DNS Poisoning Definition:
Domain Name System (DNS) poisoning is a type of cyber-attack that chokes the DNS server to divert the web traffic to non-legitimate destinations. In addition, the user may receive a chain of unwanted unregulated events that can potentially harm the system. Let’s understand DNS poisoning step by step.
Updated On: june 30, 2021
What are DNS and a DNS server?
The DNS is like a telephone directory on the web. We, humans, are much more familiar with domain names rather than confusing IP addresses. But web browsers interact through IP address. So, DNS simply translates those domain names to IP addresses so the browser can retrieve internet resources and the end-user only has to remember the domain name. The process of converting a domain name into an IP address is referred to as DNS resolving.
How does DNS Caching Work?
DNS servers are a collection of servers that involves in the process of DNS resolution. It undergoes multiple steps like root name server, top-level domain name server, authority name server lookups. Giant service providers do the complete networking setup and provide DNS as a service to the end-user. Cloudflare, Google DNS, Quad9, ClouDNS, Akamai DNS are some of the most popular DNS providers.
DNS resolver basically helps in converting IP addresses to domain names. A DNS resolver will store the request queries for a certain amount of time (TTL –Time to Live). This is how the resolver will be able to serve the request more quickly without communicating further with other DNS networks.
Now let’s talk about DNS Poisoning:
Imagine a huge bunch of keys tagged with their associated correct locks🔐. Now the culprit rushes and shuffles the key tags intentionally and leaves the room. The manager will put a hell of a lot of effort but won’t get lucky in finding the key for a particular lock just because the tags are mismatched. Let’s relate this with DNS poisoning.
Domain Name Server (DNS) cache poisoning is an attack in which altered DNS records are used to redirect online traffic to a malicious website that resembles its intended destination. Here, locks are the IP addresses and tags are the DNS records. We won’t be able to open the lock until we attach the correct key. Same as this, traffic will be redirected to the wrong place until DNS records are inaccurate.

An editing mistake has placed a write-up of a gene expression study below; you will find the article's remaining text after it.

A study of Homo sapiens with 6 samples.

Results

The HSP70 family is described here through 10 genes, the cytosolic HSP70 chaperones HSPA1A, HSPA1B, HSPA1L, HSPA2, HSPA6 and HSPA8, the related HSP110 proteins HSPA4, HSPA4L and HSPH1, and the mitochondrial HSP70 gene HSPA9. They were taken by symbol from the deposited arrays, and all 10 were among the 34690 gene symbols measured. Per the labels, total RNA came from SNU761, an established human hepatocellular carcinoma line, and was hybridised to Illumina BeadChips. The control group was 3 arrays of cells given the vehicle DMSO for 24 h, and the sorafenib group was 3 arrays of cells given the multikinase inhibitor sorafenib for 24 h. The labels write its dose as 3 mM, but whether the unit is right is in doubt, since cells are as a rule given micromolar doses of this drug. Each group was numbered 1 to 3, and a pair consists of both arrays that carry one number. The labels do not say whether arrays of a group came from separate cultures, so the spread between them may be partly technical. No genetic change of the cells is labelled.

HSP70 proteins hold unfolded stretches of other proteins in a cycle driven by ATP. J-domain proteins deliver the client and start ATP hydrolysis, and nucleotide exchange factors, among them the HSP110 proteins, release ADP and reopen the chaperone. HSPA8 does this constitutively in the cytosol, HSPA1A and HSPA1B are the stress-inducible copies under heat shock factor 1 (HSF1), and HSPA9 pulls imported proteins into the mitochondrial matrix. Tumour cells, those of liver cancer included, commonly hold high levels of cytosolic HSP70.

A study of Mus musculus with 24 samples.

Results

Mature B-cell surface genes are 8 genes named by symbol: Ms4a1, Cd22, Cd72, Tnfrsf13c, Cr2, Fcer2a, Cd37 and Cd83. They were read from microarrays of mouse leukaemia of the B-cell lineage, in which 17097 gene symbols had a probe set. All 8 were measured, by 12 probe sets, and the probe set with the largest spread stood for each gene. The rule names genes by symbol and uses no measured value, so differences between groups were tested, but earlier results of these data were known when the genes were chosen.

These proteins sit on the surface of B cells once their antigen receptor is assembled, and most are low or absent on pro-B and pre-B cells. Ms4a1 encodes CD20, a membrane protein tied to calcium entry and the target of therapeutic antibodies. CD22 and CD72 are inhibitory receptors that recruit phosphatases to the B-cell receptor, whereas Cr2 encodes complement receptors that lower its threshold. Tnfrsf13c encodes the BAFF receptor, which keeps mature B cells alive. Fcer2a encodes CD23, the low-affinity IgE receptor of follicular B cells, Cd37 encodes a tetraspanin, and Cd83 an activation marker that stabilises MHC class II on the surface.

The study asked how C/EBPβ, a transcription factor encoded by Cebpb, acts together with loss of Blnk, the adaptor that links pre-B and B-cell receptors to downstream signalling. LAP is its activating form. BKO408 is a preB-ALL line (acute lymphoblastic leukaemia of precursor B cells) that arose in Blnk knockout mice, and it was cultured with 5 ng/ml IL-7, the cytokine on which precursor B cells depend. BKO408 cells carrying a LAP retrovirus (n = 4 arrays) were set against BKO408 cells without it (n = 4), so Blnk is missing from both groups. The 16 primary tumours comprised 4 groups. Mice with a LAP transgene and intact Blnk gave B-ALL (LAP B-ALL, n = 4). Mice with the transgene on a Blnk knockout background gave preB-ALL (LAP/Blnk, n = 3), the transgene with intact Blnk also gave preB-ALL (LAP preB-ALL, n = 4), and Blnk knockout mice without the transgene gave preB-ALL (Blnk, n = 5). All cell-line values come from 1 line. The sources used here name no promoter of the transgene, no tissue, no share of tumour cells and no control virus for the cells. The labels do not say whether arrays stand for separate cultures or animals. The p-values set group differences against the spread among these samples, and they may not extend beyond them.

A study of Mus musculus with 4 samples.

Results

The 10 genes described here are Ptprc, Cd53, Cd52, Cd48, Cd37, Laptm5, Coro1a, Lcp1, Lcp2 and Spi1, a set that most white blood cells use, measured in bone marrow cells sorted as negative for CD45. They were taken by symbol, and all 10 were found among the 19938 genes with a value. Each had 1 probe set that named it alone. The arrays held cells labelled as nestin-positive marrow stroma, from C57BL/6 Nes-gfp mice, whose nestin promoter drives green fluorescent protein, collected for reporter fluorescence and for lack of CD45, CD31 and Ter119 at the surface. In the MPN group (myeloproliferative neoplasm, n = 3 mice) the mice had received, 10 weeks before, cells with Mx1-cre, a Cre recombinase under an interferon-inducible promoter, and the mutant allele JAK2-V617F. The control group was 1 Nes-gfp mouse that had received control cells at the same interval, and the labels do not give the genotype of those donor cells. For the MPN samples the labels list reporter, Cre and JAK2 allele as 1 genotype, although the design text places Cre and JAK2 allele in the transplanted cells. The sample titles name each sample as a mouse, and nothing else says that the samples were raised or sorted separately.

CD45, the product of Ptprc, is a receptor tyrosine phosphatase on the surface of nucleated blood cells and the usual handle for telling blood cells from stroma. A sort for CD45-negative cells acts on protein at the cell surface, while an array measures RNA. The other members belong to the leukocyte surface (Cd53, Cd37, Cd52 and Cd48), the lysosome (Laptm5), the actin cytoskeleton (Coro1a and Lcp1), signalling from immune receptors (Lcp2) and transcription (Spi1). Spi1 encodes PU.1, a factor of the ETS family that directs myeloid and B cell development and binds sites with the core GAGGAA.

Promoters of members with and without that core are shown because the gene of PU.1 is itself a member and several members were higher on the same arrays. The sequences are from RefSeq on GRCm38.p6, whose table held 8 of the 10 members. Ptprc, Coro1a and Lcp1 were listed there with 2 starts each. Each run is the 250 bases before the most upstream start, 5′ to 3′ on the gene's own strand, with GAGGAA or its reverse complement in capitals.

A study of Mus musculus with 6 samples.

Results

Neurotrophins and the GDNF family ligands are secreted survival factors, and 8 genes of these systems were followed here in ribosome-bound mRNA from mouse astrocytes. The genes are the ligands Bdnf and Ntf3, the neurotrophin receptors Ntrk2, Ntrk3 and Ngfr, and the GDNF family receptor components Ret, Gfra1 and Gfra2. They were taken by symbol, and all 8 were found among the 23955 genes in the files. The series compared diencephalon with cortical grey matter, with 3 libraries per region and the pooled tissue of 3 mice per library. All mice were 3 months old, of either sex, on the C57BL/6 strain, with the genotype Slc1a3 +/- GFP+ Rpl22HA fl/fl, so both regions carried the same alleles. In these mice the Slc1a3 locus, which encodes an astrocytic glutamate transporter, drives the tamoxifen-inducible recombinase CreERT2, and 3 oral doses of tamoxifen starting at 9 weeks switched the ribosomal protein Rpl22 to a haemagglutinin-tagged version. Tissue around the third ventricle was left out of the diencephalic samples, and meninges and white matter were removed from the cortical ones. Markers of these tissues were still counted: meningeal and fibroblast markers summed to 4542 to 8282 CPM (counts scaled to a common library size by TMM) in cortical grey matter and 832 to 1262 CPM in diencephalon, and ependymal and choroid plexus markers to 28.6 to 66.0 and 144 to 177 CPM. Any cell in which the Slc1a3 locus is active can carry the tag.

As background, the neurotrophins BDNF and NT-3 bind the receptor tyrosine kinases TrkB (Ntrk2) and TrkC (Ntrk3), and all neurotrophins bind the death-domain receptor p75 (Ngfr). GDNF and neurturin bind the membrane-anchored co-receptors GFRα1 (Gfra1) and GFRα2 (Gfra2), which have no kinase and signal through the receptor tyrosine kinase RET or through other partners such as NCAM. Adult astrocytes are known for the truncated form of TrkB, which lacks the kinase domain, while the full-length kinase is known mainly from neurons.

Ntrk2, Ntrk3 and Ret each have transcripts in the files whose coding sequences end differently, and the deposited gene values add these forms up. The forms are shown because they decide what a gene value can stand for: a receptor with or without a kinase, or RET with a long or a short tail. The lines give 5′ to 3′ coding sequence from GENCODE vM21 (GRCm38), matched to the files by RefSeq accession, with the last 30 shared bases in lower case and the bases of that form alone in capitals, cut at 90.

How is DNS poisoning done?
A DNS can become poisoned if it contains incorrect entries. Attackers poison the DNS records by impersonating the nameservers and alters the reply for that query. Hence, the user will get totally unexpected results. And if the DNS resolver fetches the wrong entry, there is no legitimate source to verify that value.
For example, if an unauthorized party gets control of a DNS server and changes some entries in it like pointing the domain X to some other IP address. So any user request for the domain X will be redirected to the incorrect IP (usually this IP belongs to attackers) and that website may breach the user privacy or data.
And as the theory says “poison”, it spreads.! Yes, with various poisoned DNS records, it may spread across the internet and incorrect entries will be cached.
DNS Poisoning Process:
Mostly, DNS services work on UDP protocol which is extremely fast but volatile at the same time. UDP protocol does not require any acknowledgment of the communication and there lies the whole trap. Whereas, TCP requires both ways of communication to initiate and verify the connection. With UDP, there is no such guarantee that a connection is open and the receiver is active and verify who the sender is. The attackers actually use this and perform the exploitation on DNS and pretend that the response is coming from a legit source.
This looks vulnerable but not as easy as it looks. The attacker has very little time to peak in and pass their entries as the DNS resolver also queries the authority name server.
The Great Firewall of China:
The Great Firewall of China is an example of DNS poisoning on a very large scale. One of the primary methods of query filtering that the GFW relies on is DNS response poisoning. When a query is poisoned by the GFW, the infected or altered result is returned. This leads to the inaccessibility of the websites which come under GFW compliance. Twitter, Facebook are some of the examples.
DNS level security is the solution. We can implement some setup where we can verify the entries and their integrity. Adding a layer of cryptography is a plus. This will ensure that the records are original and not exploited in between. DNSSEC (Domain Name System Security Extensions) is a collection of extensions for securing data communication in DNS.
Using VPN is also a considerable workaround as it allows communication via encrypted tunnels and adds an extra level of security. Checkout VPN basics in this article.